Redbridge Council still working to halt child deaths caused by interfamily relationships
PUBLISHED: 07:00 16 May 2017 | UPDATED: 09:46 16 May 2017
At a meeting of Redbridge Council’s health and wellbeing board at the Kenneth More Theatre yesterday, councillors and healthcare specialists discussed the continued problem of young children from consanguineous marriages dying.
A consanguineous marriage refers to married couples who are first cousins or more closely related, and are not illegal in the UK.
The practice of consanguineous marriage is most common among Pakistani communities, and the same is true in Redbridge.
Of the recorded child deaths between 2008 and 2016, 9pc were of Pakistani ethnicity and died as a result of genetic complications arising from having related parents.
Overall 19pc of child deaths in the borough in those eight years were directly attributable to consanguineous relationships.
The 2009-10 municipal year saw Redbridge record its highest numbers of interfamily parents and the second highest cause of child deaths that year was chromosomal, genetic or congenital abnormalities.
Gladys Xavier, chairwoman of the Child Death Overview Panel (CDOP), told the board that educational programs were in place in many of the borough’s Asian communities.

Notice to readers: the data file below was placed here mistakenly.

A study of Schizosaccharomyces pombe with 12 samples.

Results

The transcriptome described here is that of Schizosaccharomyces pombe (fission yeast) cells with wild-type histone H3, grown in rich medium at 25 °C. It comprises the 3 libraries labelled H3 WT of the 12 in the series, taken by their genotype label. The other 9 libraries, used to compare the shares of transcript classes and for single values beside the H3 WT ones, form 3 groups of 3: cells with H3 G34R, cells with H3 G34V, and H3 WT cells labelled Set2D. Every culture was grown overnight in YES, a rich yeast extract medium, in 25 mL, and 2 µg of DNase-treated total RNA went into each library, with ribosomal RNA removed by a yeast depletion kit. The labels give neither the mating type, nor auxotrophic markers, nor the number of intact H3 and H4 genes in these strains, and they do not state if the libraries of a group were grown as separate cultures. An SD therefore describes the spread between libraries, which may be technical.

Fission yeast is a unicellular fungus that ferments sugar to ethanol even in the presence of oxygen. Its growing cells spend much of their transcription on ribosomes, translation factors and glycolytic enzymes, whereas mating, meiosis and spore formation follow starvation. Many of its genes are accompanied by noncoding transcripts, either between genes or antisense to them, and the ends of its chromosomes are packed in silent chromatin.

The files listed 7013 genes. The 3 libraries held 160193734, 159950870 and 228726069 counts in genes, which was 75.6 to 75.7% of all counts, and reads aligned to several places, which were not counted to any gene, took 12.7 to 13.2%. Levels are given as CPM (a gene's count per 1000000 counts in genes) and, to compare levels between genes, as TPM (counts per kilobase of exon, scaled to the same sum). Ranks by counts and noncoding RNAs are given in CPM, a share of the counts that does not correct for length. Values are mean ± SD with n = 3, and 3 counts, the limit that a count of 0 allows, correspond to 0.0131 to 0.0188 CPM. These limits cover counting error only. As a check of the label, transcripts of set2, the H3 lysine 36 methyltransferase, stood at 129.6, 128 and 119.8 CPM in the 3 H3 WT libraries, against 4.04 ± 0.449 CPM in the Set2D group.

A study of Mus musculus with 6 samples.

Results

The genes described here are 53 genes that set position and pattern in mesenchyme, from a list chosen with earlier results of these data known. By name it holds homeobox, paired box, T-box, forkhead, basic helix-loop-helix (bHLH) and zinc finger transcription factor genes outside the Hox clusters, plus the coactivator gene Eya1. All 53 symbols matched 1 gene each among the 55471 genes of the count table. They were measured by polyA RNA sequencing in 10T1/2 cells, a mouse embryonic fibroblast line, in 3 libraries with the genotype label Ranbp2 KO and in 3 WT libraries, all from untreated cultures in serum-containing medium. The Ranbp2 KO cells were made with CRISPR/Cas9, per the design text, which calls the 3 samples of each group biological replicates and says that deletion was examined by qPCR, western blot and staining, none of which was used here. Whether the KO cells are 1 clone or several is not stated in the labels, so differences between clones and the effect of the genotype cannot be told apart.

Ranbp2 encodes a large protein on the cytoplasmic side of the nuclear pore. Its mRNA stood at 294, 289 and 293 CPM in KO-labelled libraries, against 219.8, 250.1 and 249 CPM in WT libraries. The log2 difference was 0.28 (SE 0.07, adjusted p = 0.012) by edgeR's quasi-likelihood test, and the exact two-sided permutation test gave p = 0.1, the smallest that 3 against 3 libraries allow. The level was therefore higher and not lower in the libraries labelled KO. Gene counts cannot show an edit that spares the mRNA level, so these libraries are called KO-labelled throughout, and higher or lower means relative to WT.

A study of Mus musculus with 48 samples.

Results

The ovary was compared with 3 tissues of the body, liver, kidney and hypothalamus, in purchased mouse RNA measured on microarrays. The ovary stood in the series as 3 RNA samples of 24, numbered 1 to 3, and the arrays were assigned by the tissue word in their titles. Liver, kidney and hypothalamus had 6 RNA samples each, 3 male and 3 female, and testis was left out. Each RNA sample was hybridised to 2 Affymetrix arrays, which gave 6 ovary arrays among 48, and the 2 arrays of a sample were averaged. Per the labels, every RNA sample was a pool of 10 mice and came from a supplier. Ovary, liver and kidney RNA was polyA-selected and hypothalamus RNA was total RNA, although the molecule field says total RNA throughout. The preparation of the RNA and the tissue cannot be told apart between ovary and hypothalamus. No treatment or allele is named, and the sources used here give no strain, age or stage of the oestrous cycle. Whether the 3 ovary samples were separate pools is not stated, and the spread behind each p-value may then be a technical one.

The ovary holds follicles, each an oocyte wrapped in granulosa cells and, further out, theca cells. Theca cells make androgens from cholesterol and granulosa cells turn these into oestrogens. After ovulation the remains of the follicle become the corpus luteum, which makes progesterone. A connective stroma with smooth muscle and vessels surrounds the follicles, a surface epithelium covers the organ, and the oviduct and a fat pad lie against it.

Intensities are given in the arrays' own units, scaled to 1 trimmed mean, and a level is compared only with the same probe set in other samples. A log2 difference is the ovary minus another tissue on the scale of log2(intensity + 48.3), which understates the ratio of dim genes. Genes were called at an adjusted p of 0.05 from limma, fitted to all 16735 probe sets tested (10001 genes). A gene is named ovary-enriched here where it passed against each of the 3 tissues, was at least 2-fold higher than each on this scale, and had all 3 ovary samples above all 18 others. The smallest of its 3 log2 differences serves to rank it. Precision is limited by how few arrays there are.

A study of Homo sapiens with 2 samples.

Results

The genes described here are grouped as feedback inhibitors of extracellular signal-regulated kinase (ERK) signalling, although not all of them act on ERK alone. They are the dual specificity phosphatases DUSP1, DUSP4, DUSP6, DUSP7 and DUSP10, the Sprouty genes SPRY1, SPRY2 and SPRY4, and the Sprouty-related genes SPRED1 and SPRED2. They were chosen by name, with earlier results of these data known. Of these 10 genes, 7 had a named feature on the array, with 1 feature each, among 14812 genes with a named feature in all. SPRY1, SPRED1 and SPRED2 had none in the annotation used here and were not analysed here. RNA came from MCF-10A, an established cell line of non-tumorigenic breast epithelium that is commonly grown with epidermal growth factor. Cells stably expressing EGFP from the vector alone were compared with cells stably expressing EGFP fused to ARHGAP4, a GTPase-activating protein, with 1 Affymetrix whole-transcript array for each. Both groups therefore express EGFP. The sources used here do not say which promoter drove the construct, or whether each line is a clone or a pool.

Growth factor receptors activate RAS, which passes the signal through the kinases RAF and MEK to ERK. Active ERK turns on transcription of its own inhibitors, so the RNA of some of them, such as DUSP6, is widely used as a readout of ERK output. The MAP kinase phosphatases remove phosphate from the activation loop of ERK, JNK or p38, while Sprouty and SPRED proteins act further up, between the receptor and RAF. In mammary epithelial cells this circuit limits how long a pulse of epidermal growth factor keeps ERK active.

Ms Xavier also revealed the council had asked schools to place a greater emphasis on teaching genetics so that younger people understand the perils of consanguinous relationships.
Councillor Joyce Ryan told the meeting is was “a terrible thing whenever a child dies” but worried that some of Redbridge’s communities were finding it difficult to accept the education the council was offering on the subject.
“Although everyone is battling hard at this it is something that some communities struggle to accept and sometimes do not want to accept.”
But Vicky Hobart, Redbridge’s director of public health, argued that the small number of child deaths meant large percentages should not be misunderstood.
She said: “Consanguinity is very common in many cultures and the worry with something like this is that we are dealing with very small numbers.
“It is important to note trends but we should not read too much into it.”
And Councillor Elaine Norman, cabinet member for children and young people, stressed the council has always worked to reduce the level of consanguineous relationships in the borough.
She said: “It is a very sensitive area and we are handling it sensitively and seeing results.
“We are obviously going in the right direction.”